Belfast Telegraph

Drug firms warn they could stop supplying Northern Ireland's cash-strapped pharmacies due to unpaid bills

By Lisa Smyth

Northern Ireland's pharmacy service is edging closer to crisis, with wholesalers warning they may have to stop supplying some high street chemists with drugs.

It has emerged that a number of wholesalers have written to the Department of Health to warn them the supply of medication could grind to a halt.

As a result, patients with life-threatening and debilitating conditions such as asthma, diabetes, multiple sclerosis and even cancer will find it increasingly hard to get medication.

It comes as the community pharmacy sector plunges deeper into a financial crisis, with health officials being blamed for failing to adequately fund the crucial NHS service.

This is despite an assurance from previous Health Minister Michelle O'Neill that the situation would be addressed.

Drugs firms have said a growing number of high street pharmacists are struggling to pay them for medication. It has emerged that some pharmacists are raiding their pension funds and savings to pay their bills.

Martin Kelly, finance director of pharmaceutical distributor Ethigen, said the firm is now having to chase community pharmacies to ensure they settle their bills.

He said it is the first time in the firm's 15-year history that they have ever had to take such action.

In a letter to Dr Mark Timoney, Northern Ireland's chief pharmaceutical officer, Mr Kelly said: "These conditions mean that we are finding it increasingly difficult to obtain credit risk insurance on pharmacies.

"We are also increasingly sceptical of pharmacies looking to open accounts with us, the suspicion being that credit terms have been exhausted with other suppliers.

"The entire supply chain relies on the credit-worthiness of pharmacies. Without this, the supply of medicines will grind to a halt.

"I appreciate the difficulties the budgetary pressures are creating for everyone. However, having spoken with many long standing customers, who are becoming increasingly disillusioned with pharmacy, we feel it is only prudent to make you aware that there is an imminent danger of pharmacies failing, or at least being unable to trade due to a lack of credit provision from suppliers."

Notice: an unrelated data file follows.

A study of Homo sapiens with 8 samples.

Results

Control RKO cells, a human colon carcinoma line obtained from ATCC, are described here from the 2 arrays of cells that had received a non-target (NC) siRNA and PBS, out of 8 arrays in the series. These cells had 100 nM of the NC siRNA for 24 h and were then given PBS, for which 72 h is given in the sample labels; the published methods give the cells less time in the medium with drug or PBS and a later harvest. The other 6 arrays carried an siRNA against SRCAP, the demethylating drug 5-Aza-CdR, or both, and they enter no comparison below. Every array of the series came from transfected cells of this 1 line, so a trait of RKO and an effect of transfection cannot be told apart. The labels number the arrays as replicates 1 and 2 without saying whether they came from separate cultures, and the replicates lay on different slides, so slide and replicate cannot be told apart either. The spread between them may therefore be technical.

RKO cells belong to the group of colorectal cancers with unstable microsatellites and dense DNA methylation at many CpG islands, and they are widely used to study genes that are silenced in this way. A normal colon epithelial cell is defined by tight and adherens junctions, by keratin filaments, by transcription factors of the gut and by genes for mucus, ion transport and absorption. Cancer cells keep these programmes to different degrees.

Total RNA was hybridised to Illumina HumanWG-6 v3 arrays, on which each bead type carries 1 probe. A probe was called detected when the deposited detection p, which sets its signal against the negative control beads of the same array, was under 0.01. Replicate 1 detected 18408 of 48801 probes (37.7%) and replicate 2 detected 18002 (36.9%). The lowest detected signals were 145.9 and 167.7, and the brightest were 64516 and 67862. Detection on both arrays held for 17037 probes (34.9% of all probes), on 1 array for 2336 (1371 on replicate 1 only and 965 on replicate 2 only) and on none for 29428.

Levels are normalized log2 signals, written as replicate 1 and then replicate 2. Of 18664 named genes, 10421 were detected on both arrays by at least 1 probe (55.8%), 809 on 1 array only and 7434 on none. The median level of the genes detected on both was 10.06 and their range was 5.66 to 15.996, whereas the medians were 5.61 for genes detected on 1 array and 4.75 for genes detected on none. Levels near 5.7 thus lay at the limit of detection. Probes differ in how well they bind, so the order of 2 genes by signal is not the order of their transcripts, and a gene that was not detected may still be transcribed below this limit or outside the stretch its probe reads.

The letter was sent on October 8, 2018 and while Mr Kelly has received an acknowledgement of receipt of the letter, the department has not yet responded to his concerns.

The body that represents community pharmacists has accused department officials of ignoring calls by pharmacists, charities, patient groups and now wholesalers, to act to protect the service.

Gerard Greene, chief of Community Pharmacy NI, which represents contractors here, said: "We have been telling them for some time that community pharmacy is on its knees and cannot pay its bills.

"We have also been warning the department that the failure to resolve this issue will have dire consequences for patient safety.

"This is now becoming a reality, with the warning from wholesalers that there is an imminent danger of pharmacies failing and patients being unable to obtain their medicines.

"The sheer intransigence of the department in resolving this situation will result in pharmacies closing and will reduce people's access to a vital health service, impacting hugely upon patient safety."

The department said: "Despite well-documented pressures on the health budget, we are actively working to finalise discussions and secure a sustainable way forward on funding.

"We plan to make an announcement shortly.

"It always needs to be remembered that the budget is far from infinite and the department cannot spend money it does not have."

North Antrim MP Ian Paisley said: "I encourage the department and commissioners to engage in meaningful discussions with community pharmacy representatives to resolve this issue urgently."

The claims are the latest blow for the department, coming as the Royal College of Nursing launches a ballot today asking members if they want to be polled on industrial action over pay.